The great motivator dangling carrots and Business team motivated by positive presenterWhen you think of great leaders, what comes to mind? Qualities of a leader? Specific leaders? Let’s take a minute to focus on one quality that makes a great leader: They can think like each member of their team.

Teams that collaborate well often have a leader with the ability to identify with each individual’s mindset and sentiments, a multivocal leadership, as Brian Uzzi, a professor at Northwestern’s Kellogg School of Management, calls it. Leaders don’t attempt to gain technical efficiency in multiple areas but identify with their team members’ experiences and are able to broker their individual skills into successful collaboration.

Here’s how you can tap into this skill for your teams and projects:

Understand the various cultures on the team. The best leaders don’t try to enforce their ideals onto the actions and decisions of the team. Instead, through empathy, relatable experiences and listening, they are able to speak the same language as the individual. Each team member then feels empowered to make decisions and drive the team towards their achievements. Team members also recognize that their leader has a genuine interest in their personal motivations. This fosters trust.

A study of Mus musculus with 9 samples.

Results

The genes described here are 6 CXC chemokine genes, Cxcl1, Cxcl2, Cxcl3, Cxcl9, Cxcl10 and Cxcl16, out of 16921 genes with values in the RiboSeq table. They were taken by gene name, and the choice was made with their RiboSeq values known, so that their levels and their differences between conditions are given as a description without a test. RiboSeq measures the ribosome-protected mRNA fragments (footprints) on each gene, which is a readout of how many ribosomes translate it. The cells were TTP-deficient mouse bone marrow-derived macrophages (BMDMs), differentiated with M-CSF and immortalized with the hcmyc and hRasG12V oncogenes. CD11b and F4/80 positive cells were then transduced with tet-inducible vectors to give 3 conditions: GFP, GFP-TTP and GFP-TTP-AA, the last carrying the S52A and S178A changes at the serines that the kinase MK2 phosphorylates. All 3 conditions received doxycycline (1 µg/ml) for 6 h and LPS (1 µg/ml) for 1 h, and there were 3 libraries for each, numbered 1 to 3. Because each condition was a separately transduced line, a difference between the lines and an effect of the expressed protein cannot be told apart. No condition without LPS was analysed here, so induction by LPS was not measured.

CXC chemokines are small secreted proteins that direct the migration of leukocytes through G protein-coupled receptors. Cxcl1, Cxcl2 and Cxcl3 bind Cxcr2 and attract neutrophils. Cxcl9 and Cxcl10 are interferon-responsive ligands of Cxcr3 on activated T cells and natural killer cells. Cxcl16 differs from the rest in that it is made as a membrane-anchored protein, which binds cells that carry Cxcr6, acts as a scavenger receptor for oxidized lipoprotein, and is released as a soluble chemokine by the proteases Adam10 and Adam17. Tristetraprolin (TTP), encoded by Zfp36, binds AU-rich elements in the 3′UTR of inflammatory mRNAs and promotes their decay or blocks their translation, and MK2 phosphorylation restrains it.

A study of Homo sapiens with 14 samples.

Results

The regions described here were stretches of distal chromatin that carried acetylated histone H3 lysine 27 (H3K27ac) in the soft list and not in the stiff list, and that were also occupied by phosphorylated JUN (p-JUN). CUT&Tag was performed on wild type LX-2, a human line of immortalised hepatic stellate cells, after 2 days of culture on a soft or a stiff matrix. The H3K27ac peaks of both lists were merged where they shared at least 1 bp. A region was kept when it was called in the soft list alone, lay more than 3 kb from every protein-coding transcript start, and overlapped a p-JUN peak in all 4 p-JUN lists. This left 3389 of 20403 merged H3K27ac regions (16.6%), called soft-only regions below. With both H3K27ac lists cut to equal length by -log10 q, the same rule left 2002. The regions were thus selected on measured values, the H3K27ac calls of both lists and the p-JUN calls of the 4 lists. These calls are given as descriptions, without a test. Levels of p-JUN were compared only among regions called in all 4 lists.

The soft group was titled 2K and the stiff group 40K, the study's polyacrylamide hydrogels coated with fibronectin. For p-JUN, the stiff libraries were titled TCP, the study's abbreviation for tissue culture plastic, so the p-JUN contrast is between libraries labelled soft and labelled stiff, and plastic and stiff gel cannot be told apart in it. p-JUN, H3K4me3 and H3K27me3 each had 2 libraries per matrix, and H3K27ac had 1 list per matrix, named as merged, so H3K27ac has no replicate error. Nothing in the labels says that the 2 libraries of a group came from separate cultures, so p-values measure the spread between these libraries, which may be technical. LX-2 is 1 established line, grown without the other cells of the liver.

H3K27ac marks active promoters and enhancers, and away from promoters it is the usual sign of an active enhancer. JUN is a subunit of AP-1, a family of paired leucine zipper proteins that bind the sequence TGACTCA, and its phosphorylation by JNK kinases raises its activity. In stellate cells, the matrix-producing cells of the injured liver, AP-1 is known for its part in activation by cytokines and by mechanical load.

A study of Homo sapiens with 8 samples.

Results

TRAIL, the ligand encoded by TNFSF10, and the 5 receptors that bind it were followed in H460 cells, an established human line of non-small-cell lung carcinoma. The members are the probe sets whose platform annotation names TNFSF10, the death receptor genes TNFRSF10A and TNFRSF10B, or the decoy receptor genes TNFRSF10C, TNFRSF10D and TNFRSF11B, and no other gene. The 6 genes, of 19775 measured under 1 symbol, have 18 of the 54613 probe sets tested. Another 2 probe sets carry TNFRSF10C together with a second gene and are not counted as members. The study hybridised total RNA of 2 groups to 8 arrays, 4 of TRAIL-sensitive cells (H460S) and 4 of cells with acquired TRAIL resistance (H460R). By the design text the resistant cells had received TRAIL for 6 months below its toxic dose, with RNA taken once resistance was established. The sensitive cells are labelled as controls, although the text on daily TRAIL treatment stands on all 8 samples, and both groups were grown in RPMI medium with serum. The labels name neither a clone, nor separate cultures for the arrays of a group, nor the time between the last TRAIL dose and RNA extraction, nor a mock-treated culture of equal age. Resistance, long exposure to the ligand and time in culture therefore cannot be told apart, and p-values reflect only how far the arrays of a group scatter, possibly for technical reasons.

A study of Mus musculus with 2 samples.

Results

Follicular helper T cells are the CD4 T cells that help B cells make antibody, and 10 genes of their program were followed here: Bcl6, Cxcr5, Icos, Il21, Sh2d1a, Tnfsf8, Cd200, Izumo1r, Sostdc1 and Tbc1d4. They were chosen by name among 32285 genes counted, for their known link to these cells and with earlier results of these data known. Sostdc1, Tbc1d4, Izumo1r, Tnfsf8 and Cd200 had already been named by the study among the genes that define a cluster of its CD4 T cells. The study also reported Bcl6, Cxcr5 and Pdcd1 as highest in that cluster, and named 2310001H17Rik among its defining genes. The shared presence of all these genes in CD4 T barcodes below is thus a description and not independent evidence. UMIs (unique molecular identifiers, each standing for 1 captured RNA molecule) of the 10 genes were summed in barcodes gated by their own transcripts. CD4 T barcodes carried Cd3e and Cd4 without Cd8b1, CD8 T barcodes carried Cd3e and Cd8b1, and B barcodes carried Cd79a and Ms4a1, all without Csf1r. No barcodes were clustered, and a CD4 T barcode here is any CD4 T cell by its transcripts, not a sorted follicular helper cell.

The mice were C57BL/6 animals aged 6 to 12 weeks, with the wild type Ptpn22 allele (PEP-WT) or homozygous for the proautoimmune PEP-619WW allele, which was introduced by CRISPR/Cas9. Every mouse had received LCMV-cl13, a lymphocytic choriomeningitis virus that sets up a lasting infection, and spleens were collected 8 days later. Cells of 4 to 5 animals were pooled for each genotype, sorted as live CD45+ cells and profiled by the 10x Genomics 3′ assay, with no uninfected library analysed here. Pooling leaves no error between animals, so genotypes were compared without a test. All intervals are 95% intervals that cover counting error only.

Know your limitations. Effective leaders know where they excel, where they are mediocre and where they are weak. They are able to defer to the expertise of team members in the areas where they are lacking. They also have a clear understanding of what each player brings to the table and can create order from a group of disparate professionals.

Frequently assess yourself. Psychology research shows that we have a tendency towards a “self-serving bias,” where positive achievements are the result of our actions and negative events are caused by external factors. This keeps a leader from understanding their weaknesses. Learn to be honest with yourself about your talents and your limitations. You may need to enlist help to get feedback from teams and management in order to do a thorough self-assessment. Regularly doing this will help strengthen your ability to be a multivocal leader.

Maximize your team’s success by developing multivocality: empathize and relate with individuals; bring together the group’s strengths; and build trust through self-awareness.